School’s out! Time away from school means no homework, no papers or tests, and lots of fun to be had. But, for many music students, being away from school also means no structured rehearsal time, which means … no practice.

As a music educator, you understand how damaging a break in routine can be for developing musicians. Too much time away from a student’s instrument can lead to bad technique, weakening embouchure muscles and a general breakdown of the skills built up over the months of careful study and deliberate practice. How do you keep your music students’ skills and chops up when they are away from the music room during summer vacation?

While you obviously can’t observe students during their summer break, you can help them understand why they should practice and provide them with exercises, assignments and even rewards to motivate them to keep up with their instrument.


Here are some ways to motivate musicians to practice during breaks:

  • It can be hard for younger musicians to understand just how important a routine is when it comes to practice. But, you can still explain that practicing during breaks will make it easier when they return to the classroom. Instead of having to reacquaint themselves with the instrument, the music and the technique, they’ll be prepared to dive right into new pieces and prepare for the next performance.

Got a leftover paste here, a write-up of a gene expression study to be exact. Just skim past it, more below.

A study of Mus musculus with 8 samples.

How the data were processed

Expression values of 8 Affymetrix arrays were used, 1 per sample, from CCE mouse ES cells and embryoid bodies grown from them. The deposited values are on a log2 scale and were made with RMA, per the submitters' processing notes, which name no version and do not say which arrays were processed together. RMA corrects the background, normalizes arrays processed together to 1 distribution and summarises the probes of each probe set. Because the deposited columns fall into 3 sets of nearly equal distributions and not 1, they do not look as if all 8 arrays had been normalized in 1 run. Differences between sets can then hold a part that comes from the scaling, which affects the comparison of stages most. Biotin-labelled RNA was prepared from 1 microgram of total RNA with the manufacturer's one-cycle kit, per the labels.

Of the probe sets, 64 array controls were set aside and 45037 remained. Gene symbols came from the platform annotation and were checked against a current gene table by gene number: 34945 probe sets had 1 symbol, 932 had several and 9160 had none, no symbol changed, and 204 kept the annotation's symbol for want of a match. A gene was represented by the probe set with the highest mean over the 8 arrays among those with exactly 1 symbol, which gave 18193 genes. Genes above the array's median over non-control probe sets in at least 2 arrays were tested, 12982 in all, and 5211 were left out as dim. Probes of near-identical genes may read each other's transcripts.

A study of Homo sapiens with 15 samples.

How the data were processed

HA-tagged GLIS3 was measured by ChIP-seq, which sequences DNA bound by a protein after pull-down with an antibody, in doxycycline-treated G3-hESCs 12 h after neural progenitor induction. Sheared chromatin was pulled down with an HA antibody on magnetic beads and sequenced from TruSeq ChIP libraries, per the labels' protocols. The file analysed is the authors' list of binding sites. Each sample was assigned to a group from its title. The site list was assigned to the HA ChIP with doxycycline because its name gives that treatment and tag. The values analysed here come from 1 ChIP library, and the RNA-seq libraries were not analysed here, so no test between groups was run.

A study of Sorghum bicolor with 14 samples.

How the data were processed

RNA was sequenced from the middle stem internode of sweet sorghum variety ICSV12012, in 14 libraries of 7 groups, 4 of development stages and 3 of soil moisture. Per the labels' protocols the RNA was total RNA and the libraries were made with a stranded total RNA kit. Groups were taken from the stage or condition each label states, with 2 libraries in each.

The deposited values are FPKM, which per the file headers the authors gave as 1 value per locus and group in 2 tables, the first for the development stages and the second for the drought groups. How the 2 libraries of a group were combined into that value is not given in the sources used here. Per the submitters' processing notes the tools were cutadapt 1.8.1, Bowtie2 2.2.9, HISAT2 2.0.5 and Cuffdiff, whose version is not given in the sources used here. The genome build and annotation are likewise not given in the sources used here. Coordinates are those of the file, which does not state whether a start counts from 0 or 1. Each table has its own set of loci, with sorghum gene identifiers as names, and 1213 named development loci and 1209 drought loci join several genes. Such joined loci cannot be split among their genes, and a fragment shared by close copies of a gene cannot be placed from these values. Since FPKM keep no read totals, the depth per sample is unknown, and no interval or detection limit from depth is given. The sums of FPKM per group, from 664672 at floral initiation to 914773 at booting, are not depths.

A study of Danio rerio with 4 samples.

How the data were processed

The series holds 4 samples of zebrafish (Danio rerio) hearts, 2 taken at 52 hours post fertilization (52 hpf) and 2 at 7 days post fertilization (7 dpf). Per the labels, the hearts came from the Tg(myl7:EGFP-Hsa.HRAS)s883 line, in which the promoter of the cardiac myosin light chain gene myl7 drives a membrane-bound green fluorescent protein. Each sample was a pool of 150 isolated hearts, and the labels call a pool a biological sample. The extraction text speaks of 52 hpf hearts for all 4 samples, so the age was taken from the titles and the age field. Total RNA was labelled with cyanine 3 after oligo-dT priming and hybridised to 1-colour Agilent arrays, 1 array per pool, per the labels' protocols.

• Provide students with fun music that they know and that they’ll want to play, such as famous and fun marches for the Fourth of July. When students are able to learn and play music that friends and family love to hear performed, they’ve got built-in motivation to practice and sound great.



  • Just as students often have summer reading assignments that are due upon return to the classroom, ask them to keep practice logs that will count towards their grade. Have them log 20 to 30 minutes of practice at least 3 days per week over the break.
  • Allow students to select a piece of music of their choice that they’ve always wanted to learn. Get them started with guidance before they leave for summer break and see how far they’ve progressed when they return to the classroom. If it’s a selection they love and want to learn, chances are they’ll be more motivated to practice.
  • Assign any of these exercises, logs or selections and have them count as extra credit during the next term. If students see the practice as benefitting their future grades, it may entice them further.
  • Send a letter home to band parents and let them know the methods you’ve selected for motivating their students. Clearly explain the benefits of ongoing practice and help them understand why it’s so important to make time during these breaks for music.
  • Finally, prepare your students for success during school breaks with plenty of music accessories that will serve them well for practice and performance alike. Items like valve oil, music stands, and high-quality reeds will ensure instruments perform well and will allow students to set up a comfortable practice space at home. USB microphones can plug right into a laptop or computer to record themselves for both critique and to record their performances. All of this will continue to build good habits and encourage students to play.

It’s never easy getting students to practice, and it’s even harder to motivate them to do so during summer breaks holidays. However, with some up-front preparation, clear communication and fun ways to approach practice, students and instructors alike will be pleased with the progress made during time away from school.